When talking to reporters yesterday about why Davey Johnson remains unsigned Nationals general manager Mike Rizzo noted how the manager was keeping himself busy: “I know he was in a fishing tournament. And he won the damn tournament.”
Sarah Kogod of the Washington Post did some digging and found that, sure enough, Johnson recently took part in the Redbone fishing tournament in Islamorada, Florida and “was named celebrity grand champion.”
Florida Sportsman Newswire has the details (and the accompanying photo):
Davey Johnson, manager of the Washington Nationals, released three redfish on artificial and one bonefish on bait to be named celebrity grand champion. A resident of Winter Park, Fla., Johnson fished with Islamorada’s Captain Paul Tejera.
Preceding the silver anniversary event, Johnson and Nicole Ellis, daughter of Redbone founder Gary Ellis, placed a memorial wreath in Florida Keys waters. Nicole Ellis, now 28, was diagnosed with cystic fibrosis at birth.
The ceremonial wreath signified remembrance of the late Boston Red Sox slugger Ted Williams, who was instrumental in helping Gary Ellis initiate the light-tackle fishing tournaments. To date, the Redbone series has raised some $18 million for the cause.
Would it be too easy to make a joke about Johnson not handing the fish to Drew Storen because he’ll let it get away? Yes? OK, nevermind then.
Josh Hamilton is not and never was a key part of the 2017 Texas Rangers plans. He was in camp and under contract and had at least a chance to make the team, but the Rangers fate as a ballclub did not depend on him. It would merely be nice for them if he revealed that he had a bit left in the tank and if he could, like a lot of other superstars in baseball history, give them one last season of decent production in part time play as a matter of depth and flexibility.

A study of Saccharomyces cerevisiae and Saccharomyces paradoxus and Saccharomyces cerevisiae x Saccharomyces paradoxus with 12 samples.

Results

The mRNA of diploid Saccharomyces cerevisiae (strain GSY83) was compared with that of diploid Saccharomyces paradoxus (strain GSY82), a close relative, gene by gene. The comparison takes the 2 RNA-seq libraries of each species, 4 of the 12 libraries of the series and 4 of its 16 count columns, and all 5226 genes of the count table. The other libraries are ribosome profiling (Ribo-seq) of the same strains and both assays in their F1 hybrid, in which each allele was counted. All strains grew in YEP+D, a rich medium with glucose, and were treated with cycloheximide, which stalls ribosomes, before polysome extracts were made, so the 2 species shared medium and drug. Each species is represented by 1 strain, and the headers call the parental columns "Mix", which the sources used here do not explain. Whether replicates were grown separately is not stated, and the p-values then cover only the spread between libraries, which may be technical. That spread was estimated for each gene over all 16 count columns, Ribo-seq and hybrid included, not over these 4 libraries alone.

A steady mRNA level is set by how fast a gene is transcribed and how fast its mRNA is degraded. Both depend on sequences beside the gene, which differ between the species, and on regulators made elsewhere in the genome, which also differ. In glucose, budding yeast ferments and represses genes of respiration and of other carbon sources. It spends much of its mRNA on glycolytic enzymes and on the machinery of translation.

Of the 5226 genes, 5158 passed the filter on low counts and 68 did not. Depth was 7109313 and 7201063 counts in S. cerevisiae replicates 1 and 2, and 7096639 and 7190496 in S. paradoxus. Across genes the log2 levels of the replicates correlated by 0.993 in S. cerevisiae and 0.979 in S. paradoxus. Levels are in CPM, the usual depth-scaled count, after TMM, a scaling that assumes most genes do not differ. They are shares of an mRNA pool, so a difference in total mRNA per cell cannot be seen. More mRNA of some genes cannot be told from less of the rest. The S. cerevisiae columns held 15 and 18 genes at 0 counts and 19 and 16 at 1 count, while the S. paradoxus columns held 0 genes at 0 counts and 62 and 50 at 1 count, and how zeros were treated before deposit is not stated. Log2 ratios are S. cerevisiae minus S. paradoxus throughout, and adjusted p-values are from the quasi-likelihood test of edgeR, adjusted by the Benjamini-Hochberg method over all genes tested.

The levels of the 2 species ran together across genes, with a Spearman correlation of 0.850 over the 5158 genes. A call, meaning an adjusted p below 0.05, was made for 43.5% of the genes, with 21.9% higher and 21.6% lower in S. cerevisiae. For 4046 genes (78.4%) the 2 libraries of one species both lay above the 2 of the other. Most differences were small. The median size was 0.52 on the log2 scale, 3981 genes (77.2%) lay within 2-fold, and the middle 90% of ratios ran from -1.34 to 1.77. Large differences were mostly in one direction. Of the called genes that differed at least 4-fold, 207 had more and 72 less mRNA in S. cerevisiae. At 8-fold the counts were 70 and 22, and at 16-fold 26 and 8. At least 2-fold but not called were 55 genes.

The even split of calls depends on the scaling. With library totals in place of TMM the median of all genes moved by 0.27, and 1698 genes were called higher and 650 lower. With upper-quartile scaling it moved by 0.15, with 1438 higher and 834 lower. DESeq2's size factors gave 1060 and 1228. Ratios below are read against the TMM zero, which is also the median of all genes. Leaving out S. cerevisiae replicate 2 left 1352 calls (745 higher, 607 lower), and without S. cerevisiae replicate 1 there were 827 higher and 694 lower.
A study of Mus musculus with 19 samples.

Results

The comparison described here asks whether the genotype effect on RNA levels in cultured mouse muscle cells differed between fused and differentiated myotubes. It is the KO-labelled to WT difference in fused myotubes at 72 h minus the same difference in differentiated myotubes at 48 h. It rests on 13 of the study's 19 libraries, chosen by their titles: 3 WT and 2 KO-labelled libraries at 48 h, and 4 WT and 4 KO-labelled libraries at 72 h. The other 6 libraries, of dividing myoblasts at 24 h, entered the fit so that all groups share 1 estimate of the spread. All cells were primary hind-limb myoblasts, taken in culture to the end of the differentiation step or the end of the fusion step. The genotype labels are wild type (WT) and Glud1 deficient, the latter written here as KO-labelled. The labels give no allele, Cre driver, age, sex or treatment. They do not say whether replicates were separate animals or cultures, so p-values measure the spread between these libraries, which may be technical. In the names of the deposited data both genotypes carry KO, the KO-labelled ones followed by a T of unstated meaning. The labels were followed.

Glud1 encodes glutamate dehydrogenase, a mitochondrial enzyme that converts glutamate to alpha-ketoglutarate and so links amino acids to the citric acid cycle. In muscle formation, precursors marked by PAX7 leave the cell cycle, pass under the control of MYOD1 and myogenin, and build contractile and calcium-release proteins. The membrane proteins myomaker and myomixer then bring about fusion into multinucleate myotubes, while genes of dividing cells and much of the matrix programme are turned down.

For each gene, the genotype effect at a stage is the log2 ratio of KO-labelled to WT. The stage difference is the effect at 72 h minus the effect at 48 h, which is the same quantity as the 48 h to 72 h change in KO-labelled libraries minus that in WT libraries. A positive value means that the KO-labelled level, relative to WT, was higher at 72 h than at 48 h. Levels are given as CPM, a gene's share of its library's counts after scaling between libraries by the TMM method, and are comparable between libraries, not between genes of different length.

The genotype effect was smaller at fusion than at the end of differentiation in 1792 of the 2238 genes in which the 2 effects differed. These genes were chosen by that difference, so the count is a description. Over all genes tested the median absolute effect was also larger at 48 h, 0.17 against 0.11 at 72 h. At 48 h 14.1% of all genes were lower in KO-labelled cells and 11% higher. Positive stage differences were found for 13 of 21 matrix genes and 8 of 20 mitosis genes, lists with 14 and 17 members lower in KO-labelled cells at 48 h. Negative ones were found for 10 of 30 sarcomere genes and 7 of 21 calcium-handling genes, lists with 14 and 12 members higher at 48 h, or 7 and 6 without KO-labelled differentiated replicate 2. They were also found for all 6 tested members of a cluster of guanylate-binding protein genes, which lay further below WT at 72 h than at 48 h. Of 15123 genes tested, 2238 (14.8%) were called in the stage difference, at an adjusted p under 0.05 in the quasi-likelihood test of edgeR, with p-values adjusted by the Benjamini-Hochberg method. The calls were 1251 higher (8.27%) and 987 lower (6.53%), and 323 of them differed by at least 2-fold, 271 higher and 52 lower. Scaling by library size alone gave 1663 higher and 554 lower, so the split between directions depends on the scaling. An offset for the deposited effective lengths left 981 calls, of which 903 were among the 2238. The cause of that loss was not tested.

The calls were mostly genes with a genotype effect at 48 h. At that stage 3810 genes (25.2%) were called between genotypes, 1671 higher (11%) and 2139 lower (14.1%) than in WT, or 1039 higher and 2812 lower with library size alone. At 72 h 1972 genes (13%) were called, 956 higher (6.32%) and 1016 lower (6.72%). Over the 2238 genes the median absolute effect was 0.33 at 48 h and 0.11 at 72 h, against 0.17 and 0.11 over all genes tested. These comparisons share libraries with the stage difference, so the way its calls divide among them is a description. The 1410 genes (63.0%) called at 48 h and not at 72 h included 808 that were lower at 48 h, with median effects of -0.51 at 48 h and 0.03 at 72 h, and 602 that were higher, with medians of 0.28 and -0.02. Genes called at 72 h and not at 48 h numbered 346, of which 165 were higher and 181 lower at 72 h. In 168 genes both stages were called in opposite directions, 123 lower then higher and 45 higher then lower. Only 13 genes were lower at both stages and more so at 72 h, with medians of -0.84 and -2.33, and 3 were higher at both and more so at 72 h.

As such, this development is more unfortunate for Josh Hamilton and those who root for him than it is for the Rangers as a club, but it is unfortunate all the same:
That’s the fourth surgery he’s had on that knee in less than two years and the 11th knee surgery he’s had overall in his baseball career. It’s sad to say but safe to say that Hamilton’s days in baseball are numbered if not over completely. At some point an athlete’s body can only take so much.
Veteran utilityman Reid Brignac is in camp with the Astros on a minor league deal. The 31-year-old is close to being done as a major leaguer as he owns a career .219/.264/.309 triple-slash line across parts of nine seasons. In an effort to prolong his big league career, Brignac is now attempting to become a switch-hitter, MLB.com’s Brian McTaggart reports.
I’m going to try it out this year. It was something that I just thought long and hard about and I was like, ‘OK, I’m going to try and see how it goes.’ I used to switch-hit when I was younger off and on, nothing consistent. I could always handle the bat right-handed. I play golf right-handed, so I do a lot of things that way that feel natural.
I just want to get to the point where I’m trying to stay in games, not get pinch-hit for, not starting games because a lefty is starting. … That could help me stay in the games longer. I’m trying to add a new element. I play multiple positions and now if I can switch hit and be consistent at it, then that can only help me.
As Brignac mentions, he’s also verstile. He’s a shortstop by trade, but has also logged plenty of innings at second base and third base, and has occasionally played corner outfield.
There aren’t any examples — at least that I can think of — where players began switch-hitting late in their careers and actually succeeding in the major leagues. As the saying goes, you can’t teach an old dog new tricks. But here’s hoping Brignac bucks the trend.